Rhinoplasty All the Rage in Iran
Feb. 15, 2007 — -- What if your face was your only fashion statement? Your best accessory might be your nose.
That is the case in Iran, which has been called the "nose job capital of the world."
Rhinoplasty rates have been rising dramatically in the Islamic republic.
There is no stigma. In fact, many women openly wear "bandages of honor" on their noses to show they've had the operation.
In Iran, women's bodies and hair are largely kept covered by a hijab, or head scarf, and in some cases, a chador, a large shawl to cover the body.
Instead of clothing and cosmetics, Iranian women spend their money on tweaking what people can see.
"They have become more fashion conscious because they are deprived of it," said Azar Nafisi, the author of "Reading Lolita in Tehran."
"Every woman likes to be happy, likes to be secure, likes to look good, to feel good, and Iranians are no different," Nafisi said.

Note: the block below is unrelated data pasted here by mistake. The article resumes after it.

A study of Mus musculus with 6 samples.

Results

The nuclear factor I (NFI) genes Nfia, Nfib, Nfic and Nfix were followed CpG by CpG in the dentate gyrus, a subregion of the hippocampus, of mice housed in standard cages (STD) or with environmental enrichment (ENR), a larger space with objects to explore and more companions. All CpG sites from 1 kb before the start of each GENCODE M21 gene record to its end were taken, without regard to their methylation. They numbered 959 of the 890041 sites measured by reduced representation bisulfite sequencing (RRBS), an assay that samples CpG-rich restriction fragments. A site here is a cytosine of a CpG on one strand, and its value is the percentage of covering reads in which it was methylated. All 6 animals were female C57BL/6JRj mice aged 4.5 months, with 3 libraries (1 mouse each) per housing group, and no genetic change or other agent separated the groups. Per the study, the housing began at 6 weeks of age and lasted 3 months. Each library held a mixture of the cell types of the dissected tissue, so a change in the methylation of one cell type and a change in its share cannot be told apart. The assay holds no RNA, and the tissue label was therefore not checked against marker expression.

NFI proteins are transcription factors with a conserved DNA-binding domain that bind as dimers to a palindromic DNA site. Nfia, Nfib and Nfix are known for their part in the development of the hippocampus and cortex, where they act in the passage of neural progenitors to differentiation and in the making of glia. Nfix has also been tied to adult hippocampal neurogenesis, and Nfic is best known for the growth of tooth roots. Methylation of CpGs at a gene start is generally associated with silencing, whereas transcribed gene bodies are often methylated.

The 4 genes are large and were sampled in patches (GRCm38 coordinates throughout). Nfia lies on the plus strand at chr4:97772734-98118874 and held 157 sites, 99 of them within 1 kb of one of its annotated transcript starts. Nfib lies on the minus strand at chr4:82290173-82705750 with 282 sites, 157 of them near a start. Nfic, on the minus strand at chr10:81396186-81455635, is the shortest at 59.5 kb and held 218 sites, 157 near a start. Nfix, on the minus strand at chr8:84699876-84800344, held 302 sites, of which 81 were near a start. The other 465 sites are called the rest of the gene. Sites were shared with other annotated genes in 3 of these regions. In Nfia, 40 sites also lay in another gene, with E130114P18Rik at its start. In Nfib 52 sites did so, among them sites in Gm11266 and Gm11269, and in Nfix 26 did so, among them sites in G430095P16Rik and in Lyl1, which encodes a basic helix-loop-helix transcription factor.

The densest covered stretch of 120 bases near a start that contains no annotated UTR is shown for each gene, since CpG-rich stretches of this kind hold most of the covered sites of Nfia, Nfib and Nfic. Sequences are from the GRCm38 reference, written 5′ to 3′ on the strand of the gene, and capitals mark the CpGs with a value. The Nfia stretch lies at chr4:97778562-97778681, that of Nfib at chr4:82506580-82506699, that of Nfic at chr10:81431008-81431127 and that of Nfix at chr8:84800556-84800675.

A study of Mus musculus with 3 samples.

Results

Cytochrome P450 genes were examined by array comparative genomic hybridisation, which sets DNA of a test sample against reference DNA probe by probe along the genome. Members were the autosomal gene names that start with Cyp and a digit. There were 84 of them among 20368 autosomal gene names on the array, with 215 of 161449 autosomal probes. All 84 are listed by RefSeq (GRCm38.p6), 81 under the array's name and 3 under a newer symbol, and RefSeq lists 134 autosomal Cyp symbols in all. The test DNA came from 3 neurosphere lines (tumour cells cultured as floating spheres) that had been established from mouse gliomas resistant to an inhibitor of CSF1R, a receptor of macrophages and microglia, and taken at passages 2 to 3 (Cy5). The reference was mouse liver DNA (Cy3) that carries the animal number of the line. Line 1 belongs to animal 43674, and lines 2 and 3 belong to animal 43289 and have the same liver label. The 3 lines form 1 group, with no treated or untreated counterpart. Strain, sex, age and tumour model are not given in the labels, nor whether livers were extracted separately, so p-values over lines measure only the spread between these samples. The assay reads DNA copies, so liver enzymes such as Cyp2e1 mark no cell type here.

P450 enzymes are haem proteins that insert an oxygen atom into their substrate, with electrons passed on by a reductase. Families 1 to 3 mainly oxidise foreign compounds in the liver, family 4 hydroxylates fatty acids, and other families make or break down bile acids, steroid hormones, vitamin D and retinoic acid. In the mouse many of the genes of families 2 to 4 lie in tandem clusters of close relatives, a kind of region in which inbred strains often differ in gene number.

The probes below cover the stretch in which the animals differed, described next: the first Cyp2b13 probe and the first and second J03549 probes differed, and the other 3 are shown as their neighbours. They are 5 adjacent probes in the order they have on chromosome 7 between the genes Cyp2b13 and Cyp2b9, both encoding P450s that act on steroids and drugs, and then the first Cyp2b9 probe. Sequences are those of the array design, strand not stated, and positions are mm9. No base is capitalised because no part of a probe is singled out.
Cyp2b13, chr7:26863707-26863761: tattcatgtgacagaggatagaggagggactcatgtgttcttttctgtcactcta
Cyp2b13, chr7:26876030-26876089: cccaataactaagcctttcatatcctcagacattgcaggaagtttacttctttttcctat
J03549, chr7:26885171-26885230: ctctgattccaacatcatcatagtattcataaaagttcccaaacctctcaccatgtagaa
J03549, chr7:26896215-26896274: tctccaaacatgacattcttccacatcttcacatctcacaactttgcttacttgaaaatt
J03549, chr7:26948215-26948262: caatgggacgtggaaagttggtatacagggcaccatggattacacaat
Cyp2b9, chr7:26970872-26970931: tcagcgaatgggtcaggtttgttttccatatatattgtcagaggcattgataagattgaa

Iranian women are also influenced by images of Western culture and Hollywood, where smaller noses are considered beautiful. The ethnic Persian nose is out of vogue.
Magid Navab, a plastic surgeon known as the "Michelangelo of Tehran," says he's performed more than 30,000 nose jobs in his career so far.
"Tehran -- it's one of the centers of the cosmetic surgery," Navab said.
The cost of a nose job can fall between $1,000 and $6,000.
Nafisi suggests the rhinoplasty trend is not such a bad thing.
"The battle that we attribute to Iranian women is so central to freedom of expression and freedom in the whole country. That is why it is so exciting to be a woman in Iran," she said.